Chapter 13. Creating and Maintaining Snapshots with Snapper

A snapshot volume is a point in time copy of a target volume that provides a way to revert a file system back to an earlier state. Snapper is a command-line tool to create and maintain snapshots for Btrfs and thinly-provisioned LVM file systems.

13.1. Initial Snapper Setup

Snapper requires discrete configuration files for each volume it operates on. You must set up the configuration files manually. By default, only the root user is allowed to perform snapper commands.
Red Hat recommends using the ext4 file system with Snapper on Red Hat Enterprise Linux 7. Use the XFS file system on lvm-thin volumes only if you are monitoring the amount of free space in the pool to prevent out-of-space problems that can lead to a failure.
Note that the Btrfs tools and file system are provided as a Technology Preview, which make them unsuitable for production systems.
Although it is possible to allow a user or group other than root to use certain Snapper commands, Red Hat recommends that you do not add elevated permissions to otherwise unprivileged users or groups. Such a configuration bypasses SELinux and could pose a security risk. Red Hat recommends that you review these capabilities with your Security Team and consider using the sudo infrastructure instead.

Procedure 13.1. Creating a Snapper Configuration File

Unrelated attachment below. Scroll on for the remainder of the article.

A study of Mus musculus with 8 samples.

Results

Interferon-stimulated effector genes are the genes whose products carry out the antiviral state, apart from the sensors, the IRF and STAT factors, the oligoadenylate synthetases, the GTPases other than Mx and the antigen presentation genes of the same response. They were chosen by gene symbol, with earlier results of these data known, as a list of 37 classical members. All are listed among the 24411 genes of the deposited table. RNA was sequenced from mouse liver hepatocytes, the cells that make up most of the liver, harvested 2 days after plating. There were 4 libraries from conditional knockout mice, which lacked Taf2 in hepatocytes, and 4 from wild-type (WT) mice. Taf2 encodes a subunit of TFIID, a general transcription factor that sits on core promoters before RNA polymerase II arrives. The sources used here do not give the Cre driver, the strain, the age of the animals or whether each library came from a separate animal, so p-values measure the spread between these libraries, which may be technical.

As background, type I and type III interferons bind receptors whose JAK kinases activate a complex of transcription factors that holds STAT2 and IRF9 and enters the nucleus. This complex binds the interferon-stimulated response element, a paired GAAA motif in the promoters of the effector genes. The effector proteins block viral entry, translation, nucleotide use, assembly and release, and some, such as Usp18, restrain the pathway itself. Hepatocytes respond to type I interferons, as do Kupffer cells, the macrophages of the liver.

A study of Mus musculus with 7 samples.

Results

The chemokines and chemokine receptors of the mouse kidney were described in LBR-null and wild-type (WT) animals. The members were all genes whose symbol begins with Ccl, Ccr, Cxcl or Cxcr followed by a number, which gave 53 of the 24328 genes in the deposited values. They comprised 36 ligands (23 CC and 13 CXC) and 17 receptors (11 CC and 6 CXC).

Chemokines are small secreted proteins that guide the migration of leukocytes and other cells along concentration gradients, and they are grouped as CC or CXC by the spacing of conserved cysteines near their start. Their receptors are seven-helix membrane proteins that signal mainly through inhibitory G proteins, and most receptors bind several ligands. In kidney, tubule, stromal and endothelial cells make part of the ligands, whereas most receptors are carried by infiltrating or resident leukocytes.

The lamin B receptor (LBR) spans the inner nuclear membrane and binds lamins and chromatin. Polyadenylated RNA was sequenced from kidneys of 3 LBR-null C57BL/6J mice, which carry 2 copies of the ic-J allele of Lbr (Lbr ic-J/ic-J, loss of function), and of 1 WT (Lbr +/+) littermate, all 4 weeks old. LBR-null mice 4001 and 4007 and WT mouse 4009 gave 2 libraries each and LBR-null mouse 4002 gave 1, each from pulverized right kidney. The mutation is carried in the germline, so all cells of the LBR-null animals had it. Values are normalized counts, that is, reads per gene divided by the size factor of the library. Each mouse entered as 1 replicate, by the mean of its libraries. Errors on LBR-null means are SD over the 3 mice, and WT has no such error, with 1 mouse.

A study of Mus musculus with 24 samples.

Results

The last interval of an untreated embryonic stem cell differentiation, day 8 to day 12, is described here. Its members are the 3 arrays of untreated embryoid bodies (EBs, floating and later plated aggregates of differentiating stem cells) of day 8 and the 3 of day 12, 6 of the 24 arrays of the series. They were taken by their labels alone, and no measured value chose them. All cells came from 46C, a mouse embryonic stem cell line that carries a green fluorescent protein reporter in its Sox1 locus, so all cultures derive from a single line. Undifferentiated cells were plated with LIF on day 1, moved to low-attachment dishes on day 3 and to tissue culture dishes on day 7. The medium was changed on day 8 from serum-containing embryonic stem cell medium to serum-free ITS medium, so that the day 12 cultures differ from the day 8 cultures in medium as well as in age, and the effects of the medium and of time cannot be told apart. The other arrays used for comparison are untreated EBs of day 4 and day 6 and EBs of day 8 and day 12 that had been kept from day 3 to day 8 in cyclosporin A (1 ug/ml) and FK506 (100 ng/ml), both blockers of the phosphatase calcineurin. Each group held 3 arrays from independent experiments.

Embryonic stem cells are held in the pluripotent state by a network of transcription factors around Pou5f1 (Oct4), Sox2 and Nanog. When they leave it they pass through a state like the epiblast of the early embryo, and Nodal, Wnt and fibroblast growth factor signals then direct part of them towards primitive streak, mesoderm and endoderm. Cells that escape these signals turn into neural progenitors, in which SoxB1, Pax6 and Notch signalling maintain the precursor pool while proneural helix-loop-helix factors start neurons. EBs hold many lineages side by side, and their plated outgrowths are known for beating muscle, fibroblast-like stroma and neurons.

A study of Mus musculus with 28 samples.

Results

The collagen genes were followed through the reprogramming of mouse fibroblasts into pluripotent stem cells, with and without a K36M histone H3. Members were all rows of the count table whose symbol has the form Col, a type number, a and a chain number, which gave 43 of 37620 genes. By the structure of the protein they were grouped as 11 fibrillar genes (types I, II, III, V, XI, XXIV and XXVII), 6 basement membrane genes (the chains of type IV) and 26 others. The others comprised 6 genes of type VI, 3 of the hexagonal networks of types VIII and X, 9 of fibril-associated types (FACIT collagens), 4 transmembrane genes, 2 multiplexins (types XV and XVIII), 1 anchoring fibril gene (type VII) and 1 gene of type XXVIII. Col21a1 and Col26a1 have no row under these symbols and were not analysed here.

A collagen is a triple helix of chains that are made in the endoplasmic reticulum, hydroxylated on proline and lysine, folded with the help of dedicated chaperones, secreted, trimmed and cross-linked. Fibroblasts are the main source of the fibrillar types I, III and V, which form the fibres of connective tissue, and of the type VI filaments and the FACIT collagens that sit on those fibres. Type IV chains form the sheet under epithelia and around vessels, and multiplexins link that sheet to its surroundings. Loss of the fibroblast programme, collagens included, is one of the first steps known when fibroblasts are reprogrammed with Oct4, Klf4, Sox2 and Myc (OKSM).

1. Create or choose either:
    • A thinly-provisioned logical volume with a Red Hat supported file system on top of it, or
    • A Btrfs subvolume.
  2. Mount the file system.
  3. Create the configuration file that defines this volume.
    For LVM2:
    # snapper -c config_name create-config -f "lvm(fs_type)" /mount-point
    For Btrfs:
    # snapper -c config_name create-config -f btrfs /mount-point
    • The -c config_name option specifies the name of the configuration file.
    • The create-config tells snapper to create a configuration file.
    • The -f file_system tells snapper what file system to use; if this is omitted snapper will attempt to detect the file system.
    • The /mount-point is where the subvolume or thinly-provisioned LVM2 file system is mounted.
    For example, to create a configuration file called lvm_config on an LVM2 subvolume with an ext4 file system, mounted at /lvm_mount, use:
    # snapper -c lvm_config create-config -f "lvm(ext4)" /lvm_mount
    Alternatively, to create a configuration file called btrfs_config, on a Btrfs subvolume that is mounted at /btrfs_mount, use:
    # snapper -c btrfs_config create-config -f btrfs /btrfs_mount
The configuration files are stored in the /etc/snapper/configs/ directory.